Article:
Monday, January 14, 2013

The Contender: Richard Nixon, The Congress Years 7

My latest reading of Irwin Gellman's The Contender: Richard Nixon, The Congress Years, 1946-1952 focused on the Alger Hiss scandal.  I'll go more deeply into the Alger Hiss scandal in my post tomorrow, for my latest reading brings up things that are explained in more detail or resolved in my next reading.  My next post won't be exhaustive, mind you, but I'll talk a little bit about the people involved in the Hiss incident, and perhaps I'll provide you with links in case you want to study the topic further.  Since the Alger Hiss scandal was a significant part of Richard Nixon's political career, I'm sure that it will come up again in my readings and blog posts for my Year (or More) of Nixon!

In this post, I'll highlight two items from my latest reading.

1.  As I said in an earlier post, inflation was a significant issue during the time that Richard Nixon was a congressman, which was when Harry Truman was President.  On page 192, Gellman states: "Nixon argued that the president deplored high prices, yet he proposed government housing, higher minimum wages, federal health subsidies, federal aid to education, larger Social Security benefits, and more money for the United Nations.  These pieces of legislation had to fuel inflation."

I've talked about inflation a lot on my blog, particularly the topic of what policies contribute to it.  This issue came up during the 1980 Presidential election, which was a time of high inflation, as the candidates accused each other of supporting policies that would be inflationary.

It seems to me that one can make the case that right-wing and left-wing policies could both be inflationary.  Conservatives believe that more government spending is inflationary, for a variety of reasons: it increases demand, for the government is spending more as a customer; the government may choose to raise taxes to pay for its increased budget, and companies pass the cost of higher taxes onto their consumers; and the government prints money to pay for its programs and its debt, and printing more money results in inflation.  Others have argued, however, that tax cuts fuel inflation, for they increase demand because people now have more money in their pockets to spend.  A number of conservatives maintain that the way to get inflation under control is to tighten the money supply, and, while that has sometimes worked, I wonder if even that can result in higher prices: a tight money supply entails high interest rates, so if companies are borrowing money in order to invest, wouldn't they pass on the cost of the interest rates to their consumers?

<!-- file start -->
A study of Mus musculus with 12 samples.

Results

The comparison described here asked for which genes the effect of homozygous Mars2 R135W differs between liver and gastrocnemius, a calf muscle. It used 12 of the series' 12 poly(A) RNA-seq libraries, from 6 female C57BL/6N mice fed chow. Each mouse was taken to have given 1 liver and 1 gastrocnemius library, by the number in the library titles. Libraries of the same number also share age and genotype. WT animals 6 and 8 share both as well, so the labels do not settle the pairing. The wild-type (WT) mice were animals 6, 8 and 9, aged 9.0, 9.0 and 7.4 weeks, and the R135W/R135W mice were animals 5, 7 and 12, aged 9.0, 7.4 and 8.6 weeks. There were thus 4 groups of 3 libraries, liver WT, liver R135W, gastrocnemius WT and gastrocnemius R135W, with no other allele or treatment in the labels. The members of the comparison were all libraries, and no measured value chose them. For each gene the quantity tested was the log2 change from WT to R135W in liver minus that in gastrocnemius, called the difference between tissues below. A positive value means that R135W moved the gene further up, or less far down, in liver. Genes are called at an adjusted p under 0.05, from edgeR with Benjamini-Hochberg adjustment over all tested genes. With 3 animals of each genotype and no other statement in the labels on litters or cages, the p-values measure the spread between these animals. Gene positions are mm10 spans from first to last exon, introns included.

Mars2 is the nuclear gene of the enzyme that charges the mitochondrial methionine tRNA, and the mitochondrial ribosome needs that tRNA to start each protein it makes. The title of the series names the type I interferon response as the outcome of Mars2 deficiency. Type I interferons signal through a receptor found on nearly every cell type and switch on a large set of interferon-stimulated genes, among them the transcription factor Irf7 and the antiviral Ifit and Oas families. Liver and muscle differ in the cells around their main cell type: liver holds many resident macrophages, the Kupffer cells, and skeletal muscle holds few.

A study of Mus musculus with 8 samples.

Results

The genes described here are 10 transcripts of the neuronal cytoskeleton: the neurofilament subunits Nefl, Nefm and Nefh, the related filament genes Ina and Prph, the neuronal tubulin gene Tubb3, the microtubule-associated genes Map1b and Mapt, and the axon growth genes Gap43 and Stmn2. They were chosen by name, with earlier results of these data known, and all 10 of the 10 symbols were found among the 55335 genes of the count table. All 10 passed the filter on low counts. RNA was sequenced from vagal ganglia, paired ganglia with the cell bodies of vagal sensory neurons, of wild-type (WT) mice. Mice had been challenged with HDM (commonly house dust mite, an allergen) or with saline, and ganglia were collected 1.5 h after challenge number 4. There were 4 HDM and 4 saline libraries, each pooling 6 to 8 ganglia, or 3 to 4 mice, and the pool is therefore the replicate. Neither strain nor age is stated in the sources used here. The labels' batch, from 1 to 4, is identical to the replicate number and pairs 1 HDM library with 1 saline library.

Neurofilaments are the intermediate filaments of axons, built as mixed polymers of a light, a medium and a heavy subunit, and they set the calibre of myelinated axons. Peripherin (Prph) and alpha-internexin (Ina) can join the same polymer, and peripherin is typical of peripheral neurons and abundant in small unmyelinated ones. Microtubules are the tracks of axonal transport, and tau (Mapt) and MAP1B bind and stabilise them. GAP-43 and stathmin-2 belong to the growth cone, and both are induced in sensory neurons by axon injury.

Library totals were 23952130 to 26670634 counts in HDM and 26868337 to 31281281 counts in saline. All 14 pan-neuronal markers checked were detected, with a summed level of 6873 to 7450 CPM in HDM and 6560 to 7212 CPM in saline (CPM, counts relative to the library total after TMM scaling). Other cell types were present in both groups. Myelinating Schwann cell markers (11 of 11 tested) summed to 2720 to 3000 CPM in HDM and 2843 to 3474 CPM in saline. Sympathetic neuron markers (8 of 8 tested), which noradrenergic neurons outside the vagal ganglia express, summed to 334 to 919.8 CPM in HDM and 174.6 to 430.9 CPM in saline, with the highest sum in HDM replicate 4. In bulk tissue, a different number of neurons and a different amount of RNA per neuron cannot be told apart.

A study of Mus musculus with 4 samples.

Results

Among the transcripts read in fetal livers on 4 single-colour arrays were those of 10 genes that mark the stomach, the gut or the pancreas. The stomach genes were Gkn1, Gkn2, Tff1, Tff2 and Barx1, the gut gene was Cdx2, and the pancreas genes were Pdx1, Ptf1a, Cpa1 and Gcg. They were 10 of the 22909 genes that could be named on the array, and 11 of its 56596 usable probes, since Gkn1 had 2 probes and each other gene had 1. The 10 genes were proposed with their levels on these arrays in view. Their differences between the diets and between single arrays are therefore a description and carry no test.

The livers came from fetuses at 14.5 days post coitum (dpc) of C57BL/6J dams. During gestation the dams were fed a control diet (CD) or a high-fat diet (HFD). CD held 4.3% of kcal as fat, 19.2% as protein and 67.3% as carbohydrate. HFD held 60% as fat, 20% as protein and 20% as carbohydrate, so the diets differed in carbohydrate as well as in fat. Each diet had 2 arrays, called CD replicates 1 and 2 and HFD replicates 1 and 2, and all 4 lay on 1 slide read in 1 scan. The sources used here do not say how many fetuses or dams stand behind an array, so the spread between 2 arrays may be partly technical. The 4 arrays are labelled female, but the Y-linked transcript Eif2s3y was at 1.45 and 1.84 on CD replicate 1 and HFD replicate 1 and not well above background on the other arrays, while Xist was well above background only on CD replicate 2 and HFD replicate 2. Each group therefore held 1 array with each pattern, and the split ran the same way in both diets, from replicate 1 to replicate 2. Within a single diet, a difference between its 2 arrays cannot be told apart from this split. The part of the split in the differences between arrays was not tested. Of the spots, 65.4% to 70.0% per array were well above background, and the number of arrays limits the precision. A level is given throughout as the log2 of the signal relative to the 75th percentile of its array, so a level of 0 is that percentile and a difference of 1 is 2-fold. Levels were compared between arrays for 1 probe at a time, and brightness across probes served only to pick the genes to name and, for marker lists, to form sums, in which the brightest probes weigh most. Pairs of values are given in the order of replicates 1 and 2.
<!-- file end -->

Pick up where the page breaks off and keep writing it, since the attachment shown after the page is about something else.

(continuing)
Supply-siders have maintained that certain tax cuts can combat inflation, by removing hindrances on investment and productivity.  That makes a degree of sense, for productivity is a way to combat inflation, since it increases the supply of goods and allows it to keep up with the demand.  But I don't think that tax cuts for corporations always result in lower prices, for some corporations may choose not to produce because they like the profits that the high prices are bringing them.  Some argue that this is why the tax cuts for the oil companies under President George W. Bush did not result in lower gas prices.

2.  I'll give you a little preview of my post tomorrow on Alger Hiss.  Essentially, Elizabeth Bentley and Whittaker Chambers were ex-Communists who were accusing people who served in the Franklin Roosevelt Administration (maybe also the Truman Administration) of being involved in espionage for the Soviet Union.  Truman attacked the House Committee on Un-American Activities, claiming that the Republicans in Congress were merely trying to divert attention from their own failure to tackle inflation.  On page 204, Gellman states that Nixon did not understand what "stopped [Truman] from investigating the legitimate charges brought out by Bentley and Chambers."  Later in the book, Gellman speculates that the refusal of the Truman Administration and Republicans in Congress to cooperate on the subversion issue set the stage for Senator Joseph McCarthy.  But, getting back to page 204, Gellman states there, as he quotes Nixon: "'The cover-up,' much on Nixon's mind in the fall of 1972, 'is what hurts you.'"

Ironic, isn't it?  But I guess that it's easier to criticize people in power than it is to consistently do the right thing once one is in power, when that right thing is inconvenient.